Aung from the ancient city of Bagan tells us his story of introducing visitors to his home country’s heritage and people.


“I’m from the central part of the country, on the eastern bank of the Irrawaddy River, about 700 km north of Yangon and 290 km south of Mandalay. The unique world of Bagan is regarded as one of the richest archaeological sites across all of Asia’s nations.”

“Bagan is often regarded as the richest archaeological site across all of Asia’s nations.”

“At present, Bagan is the biggest tourist attraction in Myanmar for its rich history. The ancient city was the capital of the Bagan Dynasty from the 2nd century to the 13th century, and it is the mother place of Buddhism in the country. As the most ancient city in Myanmar, it covers thousands of years of history. Many ancient religious monuments were built for Buddha and some ancient Hindu temples remain, all of which are very well preserved, even after the 1975 earthquake.”


“My original plan was to become a school teacher but I changed my mind after the 1988 demonstrations.  I wanted to be a part of the march towards democracy, so I became a tour guide.”

“I’m able to teach visitors to Myanmar about our history, culture and the life of the people, and  I am able to tell them about the real situation here today. In Bagan, the focus is on the historical temples and the different styles of architecture, which represent centuries of different beliefs.”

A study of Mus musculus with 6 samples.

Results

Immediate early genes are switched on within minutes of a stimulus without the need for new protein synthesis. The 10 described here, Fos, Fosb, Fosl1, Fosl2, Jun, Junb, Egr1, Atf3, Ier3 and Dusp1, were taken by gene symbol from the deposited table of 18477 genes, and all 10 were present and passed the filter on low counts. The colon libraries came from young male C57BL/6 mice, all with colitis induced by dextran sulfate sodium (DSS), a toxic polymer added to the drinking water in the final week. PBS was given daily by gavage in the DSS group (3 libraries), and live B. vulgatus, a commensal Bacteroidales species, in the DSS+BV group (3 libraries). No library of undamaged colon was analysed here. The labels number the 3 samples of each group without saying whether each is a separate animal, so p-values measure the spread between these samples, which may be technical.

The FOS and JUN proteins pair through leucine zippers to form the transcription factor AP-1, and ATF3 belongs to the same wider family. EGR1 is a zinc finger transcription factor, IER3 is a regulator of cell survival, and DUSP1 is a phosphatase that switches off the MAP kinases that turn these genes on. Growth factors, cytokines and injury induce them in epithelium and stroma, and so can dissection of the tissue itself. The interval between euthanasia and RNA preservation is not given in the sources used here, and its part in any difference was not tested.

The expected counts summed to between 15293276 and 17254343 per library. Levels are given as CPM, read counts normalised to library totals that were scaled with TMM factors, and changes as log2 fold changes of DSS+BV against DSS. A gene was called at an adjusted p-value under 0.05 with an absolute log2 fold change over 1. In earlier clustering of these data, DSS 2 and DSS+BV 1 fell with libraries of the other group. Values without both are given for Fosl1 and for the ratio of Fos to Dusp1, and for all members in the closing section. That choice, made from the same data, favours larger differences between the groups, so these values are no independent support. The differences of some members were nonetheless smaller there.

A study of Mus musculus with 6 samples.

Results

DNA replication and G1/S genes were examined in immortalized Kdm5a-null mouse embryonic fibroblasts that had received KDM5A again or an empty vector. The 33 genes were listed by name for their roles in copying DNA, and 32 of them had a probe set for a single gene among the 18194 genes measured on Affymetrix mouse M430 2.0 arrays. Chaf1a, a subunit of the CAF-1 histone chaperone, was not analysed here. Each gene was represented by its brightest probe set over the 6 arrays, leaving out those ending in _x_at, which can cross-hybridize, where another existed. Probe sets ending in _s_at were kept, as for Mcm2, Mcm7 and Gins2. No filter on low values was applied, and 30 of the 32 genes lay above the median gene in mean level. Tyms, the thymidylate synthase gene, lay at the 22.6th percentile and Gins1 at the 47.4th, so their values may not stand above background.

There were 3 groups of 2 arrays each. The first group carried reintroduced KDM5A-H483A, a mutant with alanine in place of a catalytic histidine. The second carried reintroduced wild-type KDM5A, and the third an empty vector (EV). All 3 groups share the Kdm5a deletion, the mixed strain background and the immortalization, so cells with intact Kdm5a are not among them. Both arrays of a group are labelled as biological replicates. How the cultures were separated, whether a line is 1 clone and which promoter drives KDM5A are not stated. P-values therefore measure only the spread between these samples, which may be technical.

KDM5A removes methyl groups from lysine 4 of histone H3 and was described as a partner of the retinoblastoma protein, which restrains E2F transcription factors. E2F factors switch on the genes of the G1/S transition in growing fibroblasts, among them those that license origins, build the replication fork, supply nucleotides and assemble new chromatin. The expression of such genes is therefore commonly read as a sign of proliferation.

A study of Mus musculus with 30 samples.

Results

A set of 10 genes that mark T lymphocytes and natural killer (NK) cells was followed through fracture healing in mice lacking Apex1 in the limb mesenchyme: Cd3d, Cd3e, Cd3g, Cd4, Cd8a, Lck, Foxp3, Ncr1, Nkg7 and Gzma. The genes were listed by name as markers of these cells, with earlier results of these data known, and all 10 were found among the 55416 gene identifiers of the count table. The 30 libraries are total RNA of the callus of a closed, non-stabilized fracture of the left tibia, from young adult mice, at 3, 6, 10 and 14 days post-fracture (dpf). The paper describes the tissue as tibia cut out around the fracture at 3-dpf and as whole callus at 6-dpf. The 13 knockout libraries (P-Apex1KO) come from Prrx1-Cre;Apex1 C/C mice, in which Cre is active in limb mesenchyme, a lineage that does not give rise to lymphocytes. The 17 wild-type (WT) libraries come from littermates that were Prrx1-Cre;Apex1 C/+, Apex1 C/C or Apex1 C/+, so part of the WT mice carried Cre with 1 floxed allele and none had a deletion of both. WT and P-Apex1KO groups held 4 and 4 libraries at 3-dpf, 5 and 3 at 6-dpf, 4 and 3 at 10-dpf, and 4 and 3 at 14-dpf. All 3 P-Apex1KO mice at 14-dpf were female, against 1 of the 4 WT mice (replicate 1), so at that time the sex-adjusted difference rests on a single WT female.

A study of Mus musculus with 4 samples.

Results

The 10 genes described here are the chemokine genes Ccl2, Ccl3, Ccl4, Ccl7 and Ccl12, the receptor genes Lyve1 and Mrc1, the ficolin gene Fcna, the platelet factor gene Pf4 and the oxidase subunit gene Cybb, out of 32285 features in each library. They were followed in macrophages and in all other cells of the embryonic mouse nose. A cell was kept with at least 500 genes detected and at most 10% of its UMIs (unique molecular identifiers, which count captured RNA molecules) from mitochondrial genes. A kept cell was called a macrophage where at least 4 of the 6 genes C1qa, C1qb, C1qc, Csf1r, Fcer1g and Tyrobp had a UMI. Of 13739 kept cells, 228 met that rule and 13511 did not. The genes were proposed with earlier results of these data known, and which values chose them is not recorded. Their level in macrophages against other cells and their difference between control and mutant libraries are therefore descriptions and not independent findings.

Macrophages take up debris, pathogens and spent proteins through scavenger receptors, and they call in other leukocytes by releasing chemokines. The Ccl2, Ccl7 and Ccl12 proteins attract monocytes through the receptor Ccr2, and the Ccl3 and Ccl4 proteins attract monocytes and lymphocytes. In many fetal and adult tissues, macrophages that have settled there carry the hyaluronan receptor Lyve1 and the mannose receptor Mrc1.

“Bagan is regarded as the heart of the Myanmar people, and since it was connected with the silk road, travellers have been visiting for thousands of years.”

“I am happy to be a guide here because it gives me a great opportunity to communicate with and educate people about this part of the world. I can explain my country’s history, religion, culture, beliefs and customs, and help support its growth for all of our citizens.”


“Although there has been some conflict between ethnic groups, this diversity is the thing that will make us stronger as we move towards democracy. Walking through the villages is a great way to get close to the local people, as they are very welcoming and just as curious about you.”

“There are countless festivals during the year. My favourite in Bagan is Ananda Pagoda Festival which takes around January, depending on the lunar calendar.  The festival is popular with local people, as it’s very festive and one of the Bagan’s largest celebrations.”